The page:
Hypocrisy & Lies From the Pro-Copyright Crowd

In a bit of irony, err hypocrisy, Microsoft has been running anti-IP (Intellectual Property) ads for nearly a year. It all started when Microsoft unveiled “Windows 7” claiming to have compiled 1 billion ideas. What makes this both ironic & hypocritical is the fact that Microsoft has been involved in numerous IP lawsuits claiming illegal use of their products. Obviously Microsoft is both pro-IP & anti-IP at the same time and sees no conflict in it’s “position” or lack thereof.

Personally, I support alternatives to copyright such as Creative Commons & the more recently introduced Creator-Endorsed Mark. Collectively, these alternatives are called “copyleft.” Creative Commons “is a nonprofit corporation dedicated to making it easier for people to share and build upon the work of others, consistent with the rules of copyright. Creative Commons defines the spectrum of possibilities between full copyright and the public domain. From all rights reserved to no rights reserved. Our licenses help you keep your copyright while allowing certain uses of your work — a “some rights reserved” copyright.” While “the Creator-Endorsed Mark is a logo that a distributor can use to indicate that a work is distributed in a way that its creator endorses — typically, by the distributor sharing some of the profits with the creator.”

Neither Creative Commons nor the Creator Endorsed Mark requires an artist/author to relinquish copyright nor do they advocate the complete abolition of copyright (as some claim). Wired Magazine reports,

“The American Society of Composers, Authors and Publishers (ASCAP) is urging the membership to donate money to battle the Electronic Frontier Foundation, Public Knowledge and even Creative Commons.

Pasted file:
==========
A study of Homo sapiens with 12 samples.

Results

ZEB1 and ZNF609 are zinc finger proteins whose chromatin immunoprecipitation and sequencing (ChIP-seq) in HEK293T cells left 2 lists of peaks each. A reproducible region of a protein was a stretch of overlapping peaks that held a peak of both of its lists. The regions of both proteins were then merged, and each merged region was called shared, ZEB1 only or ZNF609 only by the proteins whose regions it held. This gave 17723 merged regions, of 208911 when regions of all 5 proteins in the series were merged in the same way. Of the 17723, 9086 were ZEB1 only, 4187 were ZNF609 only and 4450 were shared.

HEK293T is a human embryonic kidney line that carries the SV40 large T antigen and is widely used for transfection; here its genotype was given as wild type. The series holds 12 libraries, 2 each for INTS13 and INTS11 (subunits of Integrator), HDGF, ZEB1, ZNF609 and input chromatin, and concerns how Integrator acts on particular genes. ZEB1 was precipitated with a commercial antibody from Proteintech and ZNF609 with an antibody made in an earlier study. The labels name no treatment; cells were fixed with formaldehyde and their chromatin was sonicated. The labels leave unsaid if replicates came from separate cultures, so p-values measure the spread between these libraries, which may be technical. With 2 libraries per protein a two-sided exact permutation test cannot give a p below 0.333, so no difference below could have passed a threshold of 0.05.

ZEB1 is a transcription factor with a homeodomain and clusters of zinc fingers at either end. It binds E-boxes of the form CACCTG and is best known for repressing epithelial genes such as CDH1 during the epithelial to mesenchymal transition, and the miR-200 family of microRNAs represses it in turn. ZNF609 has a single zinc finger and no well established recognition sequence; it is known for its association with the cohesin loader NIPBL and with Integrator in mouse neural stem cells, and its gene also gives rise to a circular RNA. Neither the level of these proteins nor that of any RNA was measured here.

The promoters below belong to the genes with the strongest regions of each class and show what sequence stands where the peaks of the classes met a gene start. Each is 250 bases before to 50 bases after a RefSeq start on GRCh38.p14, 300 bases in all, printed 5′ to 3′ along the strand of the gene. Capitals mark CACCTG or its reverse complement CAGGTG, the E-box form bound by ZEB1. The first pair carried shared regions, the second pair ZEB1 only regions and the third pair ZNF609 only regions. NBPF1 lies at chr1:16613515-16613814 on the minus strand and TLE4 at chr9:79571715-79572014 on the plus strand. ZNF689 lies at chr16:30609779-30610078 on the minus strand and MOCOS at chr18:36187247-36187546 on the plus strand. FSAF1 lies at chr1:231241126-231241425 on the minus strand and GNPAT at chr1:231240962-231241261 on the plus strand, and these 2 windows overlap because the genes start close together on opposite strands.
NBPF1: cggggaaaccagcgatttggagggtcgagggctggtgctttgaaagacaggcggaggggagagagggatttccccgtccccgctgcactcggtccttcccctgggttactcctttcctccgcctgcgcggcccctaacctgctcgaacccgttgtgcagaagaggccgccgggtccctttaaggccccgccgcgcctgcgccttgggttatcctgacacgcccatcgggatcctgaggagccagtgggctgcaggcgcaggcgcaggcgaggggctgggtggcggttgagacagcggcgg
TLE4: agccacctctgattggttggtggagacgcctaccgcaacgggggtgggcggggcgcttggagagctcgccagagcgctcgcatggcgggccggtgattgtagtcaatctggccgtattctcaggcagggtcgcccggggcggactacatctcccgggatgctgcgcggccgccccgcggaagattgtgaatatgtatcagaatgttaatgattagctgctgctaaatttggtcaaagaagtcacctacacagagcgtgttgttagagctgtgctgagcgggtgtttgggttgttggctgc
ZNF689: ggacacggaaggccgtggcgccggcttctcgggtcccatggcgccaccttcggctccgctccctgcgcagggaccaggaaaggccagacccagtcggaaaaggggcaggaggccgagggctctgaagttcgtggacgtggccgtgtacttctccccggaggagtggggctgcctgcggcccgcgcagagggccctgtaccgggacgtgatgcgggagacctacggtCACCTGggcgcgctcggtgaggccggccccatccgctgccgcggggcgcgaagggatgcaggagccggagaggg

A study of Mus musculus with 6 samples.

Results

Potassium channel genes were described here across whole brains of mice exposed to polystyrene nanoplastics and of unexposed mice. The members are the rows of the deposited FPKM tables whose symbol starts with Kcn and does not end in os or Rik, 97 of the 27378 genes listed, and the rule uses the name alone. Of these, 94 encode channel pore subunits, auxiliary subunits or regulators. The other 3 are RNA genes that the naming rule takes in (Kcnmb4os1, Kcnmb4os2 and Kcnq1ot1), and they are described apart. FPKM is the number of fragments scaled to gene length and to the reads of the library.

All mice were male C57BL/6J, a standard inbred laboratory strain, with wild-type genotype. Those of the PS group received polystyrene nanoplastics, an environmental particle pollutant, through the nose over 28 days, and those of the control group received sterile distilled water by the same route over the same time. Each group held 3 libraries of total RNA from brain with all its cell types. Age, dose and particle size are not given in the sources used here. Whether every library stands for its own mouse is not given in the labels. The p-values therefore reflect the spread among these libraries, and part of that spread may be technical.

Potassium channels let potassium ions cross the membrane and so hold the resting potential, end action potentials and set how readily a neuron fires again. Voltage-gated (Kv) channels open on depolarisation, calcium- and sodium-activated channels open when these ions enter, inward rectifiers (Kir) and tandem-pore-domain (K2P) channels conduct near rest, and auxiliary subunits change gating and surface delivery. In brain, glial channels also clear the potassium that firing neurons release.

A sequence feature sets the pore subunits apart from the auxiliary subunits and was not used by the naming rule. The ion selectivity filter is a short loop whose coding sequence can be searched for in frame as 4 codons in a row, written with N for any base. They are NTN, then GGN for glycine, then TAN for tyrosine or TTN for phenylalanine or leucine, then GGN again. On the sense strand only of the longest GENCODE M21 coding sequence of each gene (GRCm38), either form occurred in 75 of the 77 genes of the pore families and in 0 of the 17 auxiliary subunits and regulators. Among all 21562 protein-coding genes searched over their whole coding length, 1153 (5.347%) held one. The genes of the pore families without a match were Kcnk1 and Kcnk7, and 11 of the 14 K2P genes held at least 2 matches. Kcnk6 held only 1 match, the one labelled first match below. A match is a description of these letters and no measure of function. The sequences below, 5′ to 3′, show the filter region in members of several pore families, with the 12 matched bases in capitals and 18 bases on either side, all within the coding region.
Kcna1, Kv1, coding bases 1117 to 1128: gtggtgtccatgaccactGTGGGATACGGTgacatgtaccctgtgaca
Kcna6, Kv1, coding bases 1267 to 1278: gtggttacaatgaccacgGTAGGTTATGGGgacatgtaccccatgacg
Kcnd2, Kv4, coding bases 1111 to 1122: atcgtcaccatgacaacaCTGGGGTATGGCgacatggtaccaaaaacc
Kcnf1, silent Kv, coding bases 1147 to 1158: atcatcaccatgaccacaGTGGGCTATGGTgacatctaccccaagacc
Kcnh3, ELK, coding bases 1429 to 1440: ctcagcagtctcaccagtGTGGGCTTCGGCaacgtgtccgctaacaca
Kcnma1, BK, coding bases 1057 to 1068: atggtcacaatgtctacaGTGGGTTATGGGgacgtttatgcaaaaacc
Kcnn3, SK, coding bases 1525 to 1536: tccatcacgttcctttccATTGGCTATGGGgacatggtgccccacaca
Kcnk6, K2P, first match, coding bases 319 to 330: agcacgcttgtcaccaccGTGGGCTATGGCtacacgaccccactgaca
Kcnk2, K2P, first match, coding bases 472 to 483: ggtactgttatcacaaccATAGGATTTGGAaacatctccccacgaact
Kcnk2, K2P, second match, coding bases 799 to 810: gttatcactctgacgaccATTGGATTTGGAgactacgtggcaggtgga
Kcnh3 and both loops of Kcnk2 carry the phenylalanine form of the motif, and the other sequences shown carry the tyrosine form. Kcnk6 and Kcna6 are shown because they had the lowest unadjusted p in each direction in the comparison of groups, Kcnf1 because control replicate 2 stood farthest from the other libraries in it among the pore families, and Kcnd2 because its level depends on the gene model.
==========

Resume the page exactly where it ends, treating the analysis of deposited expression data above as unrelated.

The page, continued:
In a letter sent to members this week, ASCAP said those groups and unnamed “technology companies” are “mobilizing to promote ‘Copyleft’ in order to undermine our ‘Copyright’.” The letter continues, “the truth is these groups simply do not want to pay for the use of our music. Their mission is to spread the word that our music should be free.”
ASCAP’s attack on EFF and Public Knowledge are farfetched. Those groups do not suggest music should be free, although they push for the liberalization of copyright law.
But the attack on Creative Commons is more laughable than ASCAP’s stance against EFF and Public Knowledge.
While lobby groups EFF and Public Knowledge advocate for liberal copyright laws, Creative Commons actually creates licenses to protect content creators.”

Creative Commons responded to ASCAP stating in part,

“CC licenses are legal tools that creators can use to offer certain usage rights to the public, while reserving other rights. Without copyright, these tools don’t work. Artists and record labels that want to make their music available to the public for certain uses, like noncommercial sharing or remixing, should consider using CC licenses. Artists and labels that want to reserve all of their copyright rights should absolutely not use CC licenses.
Many musicians, including acts like Nine Inch Nails, Beastie Boys, Youssou N’Dour, Tone, Curt Smith, David Byrne, Radiohead, Yunyu, Kristin Hersh, and Snoop Dogg, have used Creative Commons licenses to share with the public. These musicians aren’t looking to stop making money from their music. In fact, many of the artists who use CC licenses are also members of collecting societies, including ASCAP. That’s how we first heard about this smear campaign – many musicians that support Creative Commons received the email and forwarded it to us. Some of them even included a donation to Creative Commons.”

ASCAP is only concerned about being able to collect revenues and not about protecting the rights of the music’s creator. ASCAP, Microsoft and many others in the pro-copyright crowd are simply attempting to have their cake & eat it, too.